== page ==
Our first exposure to the deep mesophotic coral reef ecosytem was in 2002 during what was among the first uses of mixed-gas for scientific diving within NOAA’s Undersea Research Program. The work was conducted along the deep vertical fore-reef lining Exuma Sound in the Bahamas.
In just 8 short minutes at a depth of 300 fsw (90 msw), a dozen new species of marine sponge were discovered. According to the University of Mississippi, more than half of these revealed bio-activities of interest in the search for cures for cancer, HIV, diabetes, and other human disease. This pivotally inspirational moment catalyzed our thirst to advance human intervention of deep and difficult to reach ocean environments. This ongoing quest, for “the 9th minute” remains a priority.
As a follow on, from 2010 through 2012, we coordinated three field expeditions to explore and document the natural history of the deep vertical reefs of the Bahamas. Work was conducted in both Exuma Sound and the Tongue of the Ocean, with more than a dozen person dives made in excess of 120 msw, to a maximum of 131 msw (446 fsw). The project succeeded in developing new methods for human intervention of the mesophotic coral ecosystem’s lower limits, and with great productivity.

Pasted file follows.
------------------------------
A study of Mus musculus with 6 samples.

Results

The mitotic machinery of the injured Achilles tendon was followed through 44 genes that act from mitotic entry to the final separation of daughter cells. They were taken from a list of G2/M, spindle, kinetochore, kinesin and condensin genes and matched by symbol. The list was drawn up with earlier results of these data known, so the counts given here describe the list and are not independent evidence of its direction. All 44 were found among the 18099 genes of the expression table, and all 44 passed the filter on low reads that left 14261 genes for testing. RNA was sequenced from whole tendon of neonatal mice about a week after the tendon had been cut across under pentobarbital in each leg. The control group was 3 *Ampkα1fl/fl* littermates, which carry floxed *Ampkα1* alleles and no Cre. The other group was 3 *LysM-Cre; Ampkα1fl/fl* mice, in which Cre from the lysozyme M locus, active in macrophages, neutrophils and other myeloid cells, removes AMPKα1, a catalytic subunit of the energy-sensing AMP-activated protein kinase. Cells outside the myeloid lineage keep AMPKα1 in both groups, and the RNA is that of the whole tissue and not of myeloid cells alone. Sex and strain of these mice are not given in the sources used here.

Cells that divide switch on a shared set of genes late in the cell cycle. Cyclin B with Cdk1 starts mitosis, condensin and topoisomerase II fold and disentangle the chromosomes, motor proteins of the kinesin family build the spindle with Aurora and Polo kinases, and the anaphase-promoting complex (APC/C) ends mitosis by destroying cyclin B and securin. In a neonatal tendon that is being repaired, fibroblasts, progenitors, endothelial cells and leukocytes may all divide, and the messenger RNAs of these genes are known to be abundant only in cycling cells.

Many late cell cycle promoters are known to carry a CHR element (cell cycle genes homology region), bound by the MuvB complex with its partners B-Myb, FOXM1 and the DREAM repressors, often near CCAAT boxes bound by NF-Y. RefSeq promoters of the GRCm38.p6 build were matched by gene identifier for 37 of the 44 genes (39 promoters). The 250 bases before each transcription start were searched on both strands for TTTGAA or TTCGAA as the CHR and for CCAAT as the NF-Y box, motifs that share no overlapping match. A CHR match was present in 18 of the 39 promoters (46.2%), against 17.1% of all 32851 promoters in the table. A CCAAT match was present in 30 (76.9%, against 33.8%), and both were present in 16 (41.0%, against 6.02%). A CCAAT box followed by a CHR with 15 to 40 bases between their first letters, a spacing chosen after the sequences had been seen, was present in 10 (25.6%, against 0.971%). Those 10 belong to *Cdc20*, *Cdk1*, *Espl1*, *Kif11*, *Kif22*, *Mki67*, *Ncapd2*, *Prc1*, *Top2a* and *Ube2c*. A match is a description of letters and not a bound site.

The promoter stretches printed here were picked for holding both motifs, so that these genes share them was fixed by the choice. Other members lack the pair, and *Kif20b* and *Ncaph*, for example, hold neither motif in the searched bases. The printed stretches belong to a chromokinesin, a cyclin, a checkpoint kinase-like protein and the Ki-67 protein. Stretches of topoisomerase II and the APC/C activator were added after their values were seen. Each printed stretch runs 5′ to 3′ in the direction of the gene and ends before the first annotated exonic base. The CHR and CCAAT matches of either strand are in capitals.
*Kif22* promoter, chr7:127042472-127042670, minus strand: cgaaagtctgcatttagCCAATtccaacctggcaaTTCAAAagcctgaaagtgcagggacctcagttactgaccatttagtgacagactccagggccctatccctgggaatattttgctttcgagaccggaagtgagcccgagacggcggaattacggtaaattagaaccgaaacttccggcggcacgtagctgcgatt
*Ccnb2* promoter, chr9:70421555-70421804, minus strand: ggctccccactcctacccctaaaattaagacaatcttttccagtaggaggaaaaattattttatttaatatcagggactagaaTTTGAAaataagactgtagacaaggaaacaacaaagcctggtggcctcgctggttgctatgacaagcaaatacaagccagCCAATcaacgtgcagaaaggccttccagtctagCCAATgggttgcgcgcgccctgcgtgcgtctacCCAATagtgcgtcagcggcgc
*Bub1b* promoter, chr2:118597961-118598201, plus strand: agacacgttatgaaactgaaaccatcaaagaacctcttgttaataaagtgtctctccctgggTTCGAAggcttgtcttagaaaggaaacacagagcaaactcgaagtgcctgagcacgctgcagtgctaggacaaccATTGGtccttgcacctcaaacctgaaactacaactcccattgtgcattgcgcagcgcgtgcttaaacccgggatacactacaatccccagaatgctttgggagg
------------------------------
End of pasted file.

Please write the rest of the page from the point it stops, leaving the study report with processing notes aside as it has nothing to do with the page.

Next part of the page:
While the work was conducted using mixed-gas closed circuit rebreathers (CCRs), the practical limits of this technology alone were realized, providing the impetus to develop our Ocean Space Habitat technology. These few short projects continue to produce results through scientific and popular publication, as well as inspiring new technology development.
The projects were funded by Lombardi Undersea LLC and the National Geographic/Waitt Grants Program, with support from the University of Connecticut at Avery Point, Subsalve USA, the Bahamas Marine EcoCentre, Small Hope Bay Lodge, the Perry Institute for Marine Science, Shearwater Research, and Molecular Products.